23 Jul Stay Ahead: Effective Ways to Optimise Your Retail Operations.
Whether you choose to focus on innovation, efficiency or branding, it’s becoming increasingly difficult for retailers to stay on the forefront of their industry while maintaining efficiency and profitability. You just can’t have it all.
Many companies have tried to optimise their retail operations – but only with modest success. Below are 5 effective ways you can optimise your retail operations to stay ahead.
Start by identifying your biggest setbacks
“Optimising” is a big word that encompasses so much. The good news is, you only need to focus on understanding of key business barriers before addressing them head on.
This process will involve asking:
- What’s taking up the most time?
- What’s offering the least ROI?
- What are the biggest hassles within specific departments or processes?
For instance, you might find that poor on-shelf availability is a pressing issue. From there, you can check for weaknesses within your forecasting and inventory systems to pinpoint relevant solutions.
1. Reducing time spent on replenishment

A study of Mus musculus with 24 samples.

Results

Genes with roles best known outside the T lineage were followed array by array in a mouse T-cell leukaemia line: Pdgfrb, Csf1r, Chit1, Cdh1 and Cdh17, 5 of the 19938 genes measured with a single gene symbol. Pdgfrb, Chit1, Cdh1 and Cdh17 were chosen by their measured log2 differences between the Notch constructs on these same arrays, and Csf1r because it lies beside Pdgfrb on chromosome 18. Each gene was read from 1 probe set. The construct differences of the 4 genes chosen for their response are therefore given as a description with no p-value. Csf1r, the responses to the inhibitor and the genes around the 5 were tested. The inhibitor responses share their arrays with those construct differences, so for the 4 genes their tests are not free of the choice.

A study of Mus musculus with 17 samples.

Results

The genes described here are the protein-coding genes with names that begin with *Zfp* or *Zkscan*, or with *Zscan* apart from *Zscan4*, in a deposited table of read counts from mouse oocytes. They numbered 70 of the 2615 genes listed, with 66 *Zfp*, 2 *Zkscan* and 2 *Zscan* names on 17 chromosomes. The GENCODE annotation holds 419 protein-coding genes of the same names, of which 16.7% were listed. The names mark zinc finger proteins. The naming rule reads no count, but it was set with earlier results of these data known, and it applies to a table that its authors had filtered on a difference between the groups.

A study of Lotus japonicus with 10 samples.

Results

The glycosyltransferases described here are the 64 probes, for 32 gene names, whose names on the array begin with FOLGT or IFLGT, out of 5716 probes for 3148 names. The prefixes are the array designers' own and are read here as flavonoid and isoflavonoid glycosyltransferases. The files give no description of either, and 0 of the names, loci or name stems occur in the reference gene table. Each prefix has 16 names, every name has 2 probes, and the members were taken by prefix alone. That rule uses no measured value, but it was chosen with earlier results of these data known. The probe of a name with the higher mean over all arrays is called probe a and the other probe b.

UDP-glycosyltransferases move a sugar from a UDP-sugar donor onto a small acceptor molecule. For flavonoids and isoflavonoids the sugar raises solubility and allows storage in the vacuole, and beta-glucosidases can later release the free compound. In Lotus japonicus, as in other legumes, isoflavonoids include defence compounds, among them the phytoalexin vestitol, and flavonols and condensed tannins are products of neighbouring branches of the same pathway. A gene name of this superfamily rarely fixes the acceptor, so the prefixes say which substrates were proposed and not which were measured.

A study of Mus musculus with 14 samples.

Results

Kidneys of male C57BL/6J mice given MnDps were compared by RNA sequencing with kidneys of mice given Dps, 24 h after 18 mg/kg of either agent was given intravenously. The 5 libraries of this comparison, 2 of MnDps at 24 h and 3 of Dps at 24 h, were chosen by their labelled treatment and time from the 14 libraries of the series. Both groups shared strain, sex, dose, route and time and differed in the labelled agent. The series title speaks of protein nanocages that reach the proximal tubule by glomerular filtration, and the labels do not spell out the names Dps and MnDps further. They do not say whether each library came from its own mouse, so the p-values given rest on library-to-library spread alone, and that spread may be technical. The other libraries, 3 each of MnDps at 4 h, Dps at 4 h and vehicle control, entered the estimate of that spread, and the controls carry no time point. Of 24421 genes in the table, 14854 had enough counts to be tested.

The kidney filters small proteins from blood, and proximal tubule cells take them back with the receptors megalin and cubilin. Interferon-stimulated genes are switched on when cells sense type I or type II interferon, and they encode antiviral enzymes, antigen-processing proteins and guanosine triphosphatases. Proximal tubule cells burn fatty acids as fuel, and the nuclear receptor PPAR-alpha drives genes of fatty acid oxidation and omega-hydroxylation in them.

If you do a little digging, you might be shocked to discover how much time your staff spend on inventory replenishment.
Warehouses would be best organised by aligning the order of products to the store’s layout. Products located close to each other in stores should also be reflected in the warehouse itself.
Many large-scale retailers have also found success in a centralised supply chain which holds the opportunity for lower shipping costs, higher product availability and easier decision-making.
2. Automate, digitise, analyse
So much data, yet so little action. Sounds familiar?
For most small-scale retailers, reports and KPIs lack usability and are time-consuming for staff to gather. They’re rarely used to drive improvements and are typically redundant.
Get the right insights you need with digital transformation solutions made just for SMEs, everything from supply chain management to smart commerce solutions.
3. Consider connected inventory
When two or more companies share their inventory, not only do they increase product availability but broaden their product range too.
With more than one touchpoint, delivery times are drastically shortened since goods can get to customers quicker. All this also translates to cheaper transportation costs and happier, more satisfied customers.
Zalando and Adidas’ partnership is a great example of how connected inventory can work wonders. In 2015, Adidas linked their distribution centres with Zalando’s inventory system. This meant that Zalando’s customers can access more Adidas product choices – while Adidas can fulfill products Zalando didn’t have in stock.
Discover our range of digital transformation solutions to start optimising your business today.